Everyone has the right to life – Fact or a nasciturus fiction?

March 1st, 2015

By Valerie Teresa Smit

The debate surrounding pre-natal life is a multifaceted and convoluted legal topic, notwithstanding the various religious and philosophical arguments it triggers. Without becoming all dogmatic about life and when it begins, it seems appropriate in light of recent case law surrounding delictual claims of children, to evaluate the right that children have to institute wrongful life claims and the repercussions this has for law reform in the interpretation of the right to life.


• Everyone’s right to life is guaranteed in s 11 of our Constitution, which section is further left unqualified.

• In Christian Lawyers Association v Minister of Health and Others (Reproductive Health Alliance as Amicus Curiae) 2005 (1) SA 509 (T) however, the High Court ruled that the word ‘everyone’ as contained in s 11, does not extend to unborn foetuses, which do not have legal personality under our Bill of Rights.

• The so-called nasciturus fiction, refers to the legal principle in which foetuses if subsequently born alive, will acquire all of the rights of born children whenever this is to its advantage. Pinchin and Another NO v Santam Insurance Co Ltd 1963 (2) SA 254 (W) also confirmed that this principle extends to the law of delict.

• Wrongful life is a legal action, which embodies a severely disabled child suing a medical practitioner and/or hospital through the assistance of a parent, for failing to prevent the child’s birth. It is argued that had the medical practitioner provided a genetic outlook before the pregnancy or alternatively information about the likelihood of disability during the pregnancy, the mother would have prevented the child’s birth or opted for termination of the pregnancy respectively.

• The Choice on Termination of Pregnancy Act 92 of 1996 (the Act), is the law governing abortion in South Africa and embodies the mother’s right to bodily and psychological integrity, which includes the right to make decisions concerning reproduction.


The most recent wrongful life claim in which judgment was given by our courts took centre stage at an appeal to the Constitutional Court in August 2014, after the Western Cape High Court delivered judgement in April 2014, upholding an exception to a mother’s claim for wrongful life on behalf of her minor son. Exception was raised by the defendant in H v Kingsbury Foetal Assessment Centre (Pty) Ltd (WCC) (unreported case no 4872/2013, 24-4-2014) (Baartman J), in that, inter alia

• the particulars of the claim were alleged to be contra bones mores and against public policy, as our courts should not be tasked with the question of whether it is better to not have life at all than to have a life shrouded with disabilities; and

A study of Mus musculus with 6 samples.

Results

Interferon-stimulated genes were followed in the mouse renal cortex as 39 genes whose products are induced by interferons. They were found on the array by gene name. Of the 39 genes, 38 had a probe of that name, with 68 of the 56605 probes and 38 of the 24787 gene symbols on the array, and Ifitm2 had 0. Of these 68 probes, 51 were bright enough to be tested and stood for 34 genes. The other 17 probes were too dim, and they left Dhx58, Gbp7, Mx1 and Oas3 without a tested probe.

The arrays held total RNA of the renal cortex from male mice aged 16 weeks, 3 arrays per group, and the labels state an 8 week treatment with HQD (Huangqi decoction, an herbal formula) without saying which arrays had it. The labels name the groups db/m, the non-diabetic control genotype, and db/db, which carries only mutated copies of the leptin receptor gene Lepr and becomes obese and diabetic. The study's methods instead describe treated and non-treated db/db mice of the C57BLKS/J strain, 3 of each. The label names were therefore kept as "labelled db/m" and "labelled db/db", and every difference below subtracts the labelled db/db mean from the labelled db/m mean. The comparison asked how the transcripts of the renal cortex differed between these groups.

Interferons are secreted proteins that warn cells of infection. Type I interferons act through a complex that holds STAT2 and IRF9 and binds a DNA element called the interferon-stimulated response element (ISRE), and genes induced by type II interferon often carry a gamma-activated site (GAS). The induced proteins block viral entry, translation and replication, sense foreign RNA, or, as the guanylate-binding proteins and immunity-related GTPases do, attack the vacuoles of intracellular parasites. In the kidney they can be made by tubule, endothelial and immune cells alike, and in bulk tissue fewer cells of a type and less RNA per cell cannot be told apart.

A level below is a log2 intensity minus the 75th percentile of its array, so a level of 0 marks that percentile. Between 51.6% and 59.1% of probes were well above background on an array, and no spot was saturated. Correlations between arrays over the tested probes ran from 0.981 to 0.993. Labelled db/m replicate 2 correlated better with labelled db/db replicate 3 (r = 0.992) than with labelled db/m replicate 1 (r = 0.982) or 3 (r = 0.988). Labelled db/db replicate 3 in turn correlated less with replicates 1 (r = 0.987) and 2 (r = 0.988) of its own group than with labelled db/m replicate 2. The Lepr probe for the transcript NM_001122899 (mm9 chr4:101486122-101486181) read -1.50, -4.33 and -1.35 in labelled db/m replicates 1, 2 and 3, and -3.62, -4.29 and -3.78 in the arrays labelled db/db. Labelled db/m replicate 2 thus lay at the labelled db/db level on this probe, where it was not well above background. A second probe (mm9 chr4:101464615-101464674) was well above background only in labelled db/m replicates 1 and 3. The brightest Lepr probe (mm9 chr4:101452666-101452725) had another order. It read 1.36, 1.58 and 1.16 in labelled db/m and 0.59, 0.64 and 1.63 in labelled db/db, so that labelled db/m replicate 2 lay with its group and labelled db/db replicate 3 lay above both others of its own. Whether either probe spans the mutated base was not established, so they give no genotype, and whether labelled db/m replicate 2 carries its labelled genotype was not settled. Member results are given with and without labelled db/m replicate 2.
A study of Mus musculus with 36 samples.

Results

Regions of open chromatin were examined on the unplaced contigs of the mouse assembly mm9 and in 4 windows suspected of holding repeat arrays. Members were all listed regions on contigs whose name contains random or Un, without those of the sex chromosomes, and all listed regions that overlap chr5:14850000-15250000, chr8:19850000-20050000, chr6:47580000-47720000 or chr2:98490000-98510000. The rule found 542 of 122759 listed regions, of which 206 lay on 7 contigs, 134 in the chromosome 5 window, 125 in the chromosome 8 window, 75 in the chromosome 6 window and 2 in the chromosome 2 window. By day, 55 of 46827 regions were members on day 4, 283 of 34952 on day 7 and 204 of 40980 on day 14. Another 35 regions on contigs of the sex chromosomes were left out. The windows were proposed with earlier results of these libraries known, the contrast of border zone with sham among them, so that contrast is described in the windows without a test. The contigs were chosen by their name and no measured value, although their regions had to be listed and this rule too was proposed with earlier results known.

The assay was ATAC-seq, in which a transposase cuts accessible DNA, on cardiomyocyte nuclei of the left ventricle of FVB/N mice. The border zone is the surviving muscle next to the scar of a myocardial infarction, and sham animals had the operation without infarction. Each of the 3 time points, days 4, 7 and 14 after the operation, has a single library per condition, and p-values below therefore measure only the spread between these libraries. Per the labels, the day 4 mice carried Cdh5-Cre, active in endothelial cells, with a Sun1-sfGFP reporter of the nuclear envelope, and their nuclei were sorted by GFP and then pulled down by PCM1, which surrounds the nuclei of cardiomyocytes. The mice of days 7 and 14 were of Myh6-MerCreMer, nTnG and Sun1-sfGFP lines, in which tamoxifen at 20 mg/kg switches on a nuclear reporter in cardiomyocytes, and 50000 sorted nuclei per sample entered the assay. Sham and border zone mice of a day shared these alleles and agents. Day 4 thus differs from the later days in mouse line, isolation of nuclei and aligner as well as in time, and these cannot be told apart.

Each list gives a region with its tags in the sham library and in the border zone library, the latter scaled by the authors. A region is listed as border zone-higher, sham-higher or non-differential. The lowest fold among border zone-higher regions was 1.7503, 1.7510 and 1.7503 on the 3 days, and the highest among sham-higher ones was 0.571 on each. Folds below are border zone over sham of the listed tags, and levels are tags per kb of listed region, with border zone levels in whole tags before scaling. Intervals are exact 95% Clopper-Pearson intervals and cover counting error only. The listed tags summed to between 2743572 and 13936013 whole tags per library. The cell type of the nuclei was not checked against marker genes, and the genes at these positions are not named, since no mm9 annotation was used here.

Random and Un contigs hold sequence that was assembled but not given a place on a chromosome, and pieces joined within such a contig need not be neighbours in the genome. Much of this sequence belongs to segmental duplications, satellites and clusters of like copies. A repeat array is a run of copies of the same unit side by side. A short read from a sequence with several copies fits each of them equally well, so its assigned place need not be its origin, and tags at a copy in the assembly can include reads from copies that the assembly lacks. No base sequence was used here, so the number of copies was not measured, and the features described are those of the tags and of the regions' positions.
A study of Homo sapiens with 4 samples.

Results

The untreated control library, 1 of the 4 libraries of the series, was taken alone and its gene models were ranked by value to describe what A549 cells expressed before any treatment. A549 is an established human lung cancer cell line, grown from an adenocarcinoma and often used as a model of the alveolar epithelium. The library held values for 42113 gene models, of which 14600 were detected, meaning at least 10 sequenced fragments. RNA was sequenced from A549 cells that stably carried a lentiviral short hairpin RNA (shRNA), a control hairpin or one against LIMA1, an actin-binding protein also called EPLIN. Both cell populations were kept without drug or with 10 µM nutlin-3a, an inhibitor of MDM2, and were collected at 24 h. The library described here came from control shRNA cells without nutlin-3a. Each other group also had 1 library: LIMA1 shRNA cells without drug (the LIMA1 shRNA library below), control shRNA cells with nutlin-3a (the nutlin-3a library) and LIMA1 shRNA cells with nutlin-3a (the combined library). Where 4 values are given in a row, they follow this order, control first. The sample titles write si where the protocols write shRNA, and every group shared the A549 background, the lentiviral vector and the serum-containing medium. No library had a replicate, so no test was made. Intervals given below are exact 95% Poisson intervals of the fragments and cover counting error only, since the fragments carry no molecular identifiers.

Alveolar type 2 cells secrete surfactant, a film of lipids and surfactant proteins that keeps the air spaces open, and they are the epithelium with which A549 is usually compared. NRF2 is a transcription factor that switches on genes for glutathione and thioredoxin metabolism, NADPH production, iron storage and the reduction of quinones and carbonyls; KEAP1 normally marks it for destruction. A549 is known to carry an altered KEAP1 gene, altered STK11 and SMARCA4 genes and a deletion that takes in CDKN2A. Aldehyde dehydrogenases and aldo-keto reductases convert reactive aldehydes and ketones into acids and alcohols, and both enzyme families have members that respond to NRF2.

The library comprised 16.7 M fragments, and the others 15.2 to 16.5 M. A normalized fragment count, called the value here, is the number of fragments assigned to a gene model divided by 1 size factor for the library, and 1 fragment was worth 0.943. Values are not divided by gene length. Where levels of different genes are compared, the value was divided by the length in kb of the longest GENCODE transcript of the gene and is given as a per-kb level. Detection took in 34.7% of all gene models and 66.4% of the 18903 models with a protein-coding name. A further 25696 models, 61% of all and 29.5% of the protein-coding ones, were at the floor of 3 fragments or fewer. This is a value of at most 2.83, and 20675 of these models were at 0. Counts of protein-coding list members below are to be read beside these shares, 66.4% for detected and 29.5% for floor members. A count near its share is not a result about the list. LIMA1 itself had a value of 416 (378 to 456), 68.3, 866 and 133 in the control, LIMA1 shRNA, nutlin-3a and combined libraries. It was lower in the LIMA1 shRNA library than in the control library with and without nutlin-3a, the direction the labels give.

• that in applying general principles of delictual law, the defendant could not have undertaken a legal duty towards the foetus that would oblige the defendant to take such action as might be necessary to cause the foetus to be terminated.

The above together with Friedman v Glicksman 1996 (1) SA 1134 (W) and Stewart and Another v Botha and Another 2008 (6) SA 310 (SCA) are the cases thus far that stand as precedent for the institution of wrongful life actions. The irony in these decisions is that in rejection of such claims, our courts have more firmly established their regard for the right to life of an unborn foetus and its value vis-à-vis termination of a defective pregnancy. It is clear from the reasoning given by the judges who upheld exceptions to the wrongful life claims in these matters, that in making the decision to grant such claims, the courts will inevitably have to decide on and accept in its calculation of damages, that never being born at all is a better alternative to a disabled life. This is something for public policy reasons that the courts are refusing to rule on.

The questions that need to be asked is that in making their decision not to allow wrongful life actions, have the judges erred in bringing the development of our common law in line with constitutional principles, which clearly do not accord any constitutional rights to unborn children, let alone the right to life?

With constitutional values being applicable to all law and thus also to the Act, (which we accept as constitutional), the decision by the courts not to rule on the right to life versus never being born at all, seriously questions whether they are of the opinion that social ethics have shifted. It could be argued from the above that our courts are giving the impression that the blessing of life, albeit a tainted one, reigns sovereign over the prevention of a child’s birth by abortion needed to protect the foetus from the future harms of disability.

Many would advocate that there is a great public interest in having the right to life extended to include a foetus and there could very well have been a change in the convictions of the community since the promulgation of the Act almost 20 years ago.

Even more so now than ever, public opinion is being influenced by the over-achieving and spirited disabled persons of the world who against all odds achieve success in sports, arts and science.

The Pinchin case also lends the idea that since an unborn child can acquire subjective rights as a foetus, the law regards the foetus as a legal person.

Pro-life and pro-choice, the debate is never-ending. And while South Africa’s progressive laws are applauded for upholding women’s rights, there seems to be a grey area into which the courts do not feel comfortable entering: The delicate balance between the right to life and the right to prevention of child birth when considering wrongful life actions. It seems this great debate will stand the test of time.

Valerie Teresa Smit BCom LLB (Unisa) is a candidate attorney at Boshoff Njokweni Inc in Cape Town.

This article was first published in De Rebus in 2015 (March) DR 42.